Nora Unkel’s feature debut A Nightmare Wakes is a stunning piece of film that unsettles the audience from the start while remaining true to its core. While it is a twist on the biopic, it is still quite the humanist tale.
While composing her famous novel Frankenstein, Mary Shelley (Alix Wilton Regan) descends into opium – fuelled fever dream while carrying on a torrid love affair with Percy Shelley (Giullian Gioiello). As she writes, the characters of her novel come to life and begin to plague the relationships with those closest to her as the shadow of her monster threatens to overcome her.
As director Nora Unkel states, it is often forgotten that Frankenstein isn’t simply a film, about creating a monster. It is about a miscarriage, a metaphor for motherhood and also loss in general. While Mary loses her child, Percy also loses his wife and her his other unborn child. This causes a level of distance that Mary cannot cope with and adds to another loss to her fragile soul. By Percy causing the pain of being distant from Mary and the fact that he is the one impregnating her. In her eyes, he creates this sordid and hauntingly lost monster.
The wonderful twist here, much like the film Shirley, is that A Nightmare Wakes is told in a similar vein as Frankenstein itself. It is a fresh take that works so well here. Percy is Mary’s Frankenstein and she is the monster, ever-changing and morphing from something she doesn’t remember. By the end of the film, she is so far removed from that happily pregnant woman entering Switzerland that she knows she will never return to it. A key line in the film is when Mary is discussing her idea of not only the film but of her and her experiences. It is truly the same, ‘It is a tale of a monster, a creature who craves love, but only knows pain’.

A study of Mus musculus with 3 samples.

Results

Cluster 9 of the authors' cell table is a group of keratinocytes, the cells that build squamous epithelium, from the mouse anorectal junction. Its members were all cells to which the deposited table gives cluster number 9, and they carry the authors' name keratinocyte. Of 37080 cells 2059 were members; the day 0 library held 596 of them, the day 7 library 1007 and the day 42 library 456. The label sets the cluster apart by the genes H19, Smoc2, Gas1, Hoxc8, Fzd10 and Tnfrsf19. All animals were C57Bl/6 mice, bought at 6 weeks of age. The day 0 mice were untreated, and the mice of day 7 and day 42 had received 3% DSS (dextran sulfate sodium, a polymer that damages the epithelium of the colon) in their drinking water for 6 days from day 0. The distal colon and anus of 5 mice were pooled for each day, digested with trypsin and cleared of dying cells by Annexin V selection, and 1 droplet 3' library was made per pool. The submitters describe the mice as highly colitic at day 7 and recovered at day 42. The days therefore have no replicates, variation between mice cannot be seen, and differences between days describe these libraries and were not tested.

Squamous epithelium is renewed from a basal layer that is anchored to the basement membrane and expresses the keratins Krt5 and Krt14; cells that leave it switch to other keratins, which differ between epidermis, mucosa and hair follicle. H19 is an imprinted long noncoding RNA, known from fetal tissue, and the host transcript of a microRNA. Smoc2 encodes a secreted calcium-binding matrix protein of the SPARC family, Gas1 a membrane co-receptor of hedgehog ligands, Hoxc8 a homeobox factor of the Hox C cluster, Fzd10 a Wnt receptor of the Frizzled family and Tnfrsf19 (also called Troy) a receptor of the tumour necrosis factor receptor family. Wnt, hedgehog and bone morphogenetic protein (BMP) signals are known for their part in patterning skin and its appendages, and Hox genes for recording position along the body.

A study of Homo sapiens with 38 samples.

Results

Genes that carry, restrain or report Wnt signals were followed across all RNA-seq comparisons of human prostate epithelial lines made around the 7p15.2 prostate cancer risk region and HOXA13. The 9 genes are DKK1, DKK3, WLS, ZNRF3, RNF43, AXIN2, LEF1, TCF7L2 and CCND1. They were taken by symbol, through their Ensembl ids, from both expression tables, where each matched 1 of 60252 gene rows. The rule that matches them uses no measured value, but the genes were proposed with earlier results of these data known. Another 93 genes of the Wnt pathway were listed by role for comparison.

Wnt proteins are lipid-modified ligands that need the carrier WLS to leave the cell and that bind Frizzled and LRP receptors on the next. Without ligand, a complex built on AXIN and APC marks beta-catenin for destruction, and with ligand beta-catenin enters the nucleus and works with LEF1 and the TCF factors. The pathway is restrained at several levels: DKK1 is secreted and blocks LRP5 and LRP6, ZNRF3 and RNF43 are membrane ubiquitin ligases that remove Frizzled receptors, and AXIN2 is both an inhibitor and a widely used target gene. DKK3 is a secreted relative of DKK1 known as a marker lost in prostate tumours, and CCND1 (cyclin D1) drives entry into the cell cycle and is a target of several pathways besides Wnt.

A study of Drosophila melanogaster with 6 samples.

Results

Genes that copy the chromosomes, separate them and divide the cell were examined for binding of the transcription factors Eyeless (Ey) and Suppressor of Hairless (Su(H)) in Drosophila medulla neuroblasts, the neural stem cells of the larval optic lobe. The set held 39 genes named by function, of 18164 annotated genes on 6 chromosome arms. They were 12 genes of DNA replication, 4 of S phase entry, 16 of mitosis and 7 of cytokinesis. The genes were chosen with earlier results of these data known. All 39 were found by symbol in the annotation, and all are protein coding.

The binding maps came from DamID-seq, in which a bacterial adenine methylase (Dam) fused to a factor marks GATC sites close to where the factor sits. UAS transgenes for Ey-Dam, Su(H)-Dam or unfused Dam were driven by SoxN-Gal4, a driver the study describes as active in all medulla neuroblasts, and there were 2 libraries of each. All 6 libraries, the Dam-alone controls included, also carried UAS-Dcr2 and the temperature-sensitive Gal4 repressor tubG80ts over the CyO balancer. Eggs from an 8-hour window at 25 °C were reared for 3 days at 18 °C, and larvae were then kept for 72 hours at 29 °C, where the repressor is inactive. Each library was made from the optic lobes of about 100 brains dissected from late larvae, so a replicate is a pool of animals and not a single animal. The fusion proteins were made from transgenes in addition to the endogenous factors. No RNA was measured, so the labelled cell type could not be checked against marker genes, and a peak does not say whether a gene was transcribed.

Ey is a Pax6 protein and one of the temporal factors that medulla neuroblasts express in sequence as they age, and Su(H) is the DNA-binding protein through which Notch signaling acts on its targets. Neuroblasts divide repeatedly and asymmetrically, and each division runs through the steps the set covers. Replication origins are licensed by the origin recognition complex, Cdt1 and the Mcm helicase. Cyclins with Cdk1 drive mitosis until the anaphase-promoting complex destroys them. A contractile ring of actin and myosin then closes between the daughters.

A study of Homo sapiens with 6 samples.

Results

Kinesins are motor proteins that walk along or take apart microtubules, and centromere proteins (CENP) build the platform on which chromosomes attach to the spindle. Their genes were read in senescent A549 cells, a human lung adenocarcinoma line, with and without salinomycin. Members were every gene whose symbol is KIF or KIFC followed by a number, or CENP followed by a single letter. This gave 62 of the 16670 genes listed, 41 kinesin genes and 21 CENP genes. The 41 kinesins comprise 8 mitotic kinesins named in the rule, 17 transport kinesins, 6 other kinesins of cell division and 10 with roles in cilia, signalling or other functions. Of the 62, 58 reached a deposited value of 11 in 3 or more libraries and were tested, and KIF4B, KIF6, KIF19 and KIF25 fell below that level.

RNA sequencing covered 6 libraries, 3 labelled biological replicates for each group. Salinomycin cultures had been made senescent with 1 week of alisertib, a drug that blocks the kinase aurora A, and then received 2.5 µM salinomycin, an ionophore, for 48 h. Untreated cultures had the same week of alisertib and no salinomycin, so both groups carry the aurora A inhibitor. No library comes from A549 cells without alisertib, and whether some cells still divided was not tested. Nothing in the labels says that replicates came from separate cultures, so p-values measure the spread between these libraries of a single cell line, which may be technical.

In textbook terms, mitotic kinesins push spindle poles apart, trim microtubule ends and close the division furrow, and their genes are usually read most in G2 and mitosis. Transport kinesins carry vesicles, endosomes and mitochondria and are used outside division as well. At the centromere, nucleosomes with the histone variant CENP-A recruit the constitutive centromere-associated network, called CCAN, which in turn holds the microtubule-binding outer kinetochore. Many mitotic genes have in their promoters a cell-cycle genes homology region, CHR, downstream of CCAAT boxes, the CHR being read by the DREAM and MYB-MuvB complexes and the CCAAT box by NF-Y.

By being having this traumatic (not the only time Shelley lost a child in reality) experience haunt her, changes Mary into something else. She also notices how quite separate she is from Percy, he doesn’t want to settle down and wants to be free, even when she needs him the most. She gives everything up for him and it causes the worst spiral in her. Devoid of the love she craves the monster within her is growing behind that door in the hallway and Percy is her horrid Frankenstein.
She is also careful not to exclude other important notes from Mary Shelley’s life, even if they are not broadly mentioned, they are subtly touched upon, like small flicks onto the painting, we notice them and in the grand scheme, they make this piece of art stand out more. This is a complex story to portray and for a feature debut, it is remarkably well done. It is vitally important also that this iteration of Mary Shelley is told from a female gaze. There is an understanding and care here that Unkel and her team can provide A Nightmare Wakes, that possibly would not be possible with a more male-centric crew and filmmaker.
Nora Unkel and cinematographer Oren Soffer have gone the ways of other directors such as Stanley Kubrick in lighting her 1800 era film in all-natural lighting with candles being the only foreign lighting used on screen. As much as possible. This causes the shadows to grow long and for some utterly horrible scenes to be hidden in the darkness leaving the sounds to echo through. This is a marvellous touch that builds the atmosphere perfectly. So as Mary begins to become her most troubled the grey clouds that cover over the film bring the cold better than most films could do.
Unkel’s use of light and sound also causes the audience to never settle into the film. At no point are we allowed to believe that everything is going to be okay. A large dark shadow has come over Mary’s life and it will simply not shift, no matter what she does. This is a visually arresting film, from the costumes to the set designs. Thought and care have gone into every shot and movement the characters make.
A Nightmare Wakes is a carefully created piece of art that breaks your heart in one way or another at every turn. Further proof that the horror genre is at its best when it isn’t afraid to bring in more human elements and there will be fewer films released this year with as many as in Nora Unkel’s debut. An outstanding film.
A Nightmare Wakes is available on Shudder from 4th February.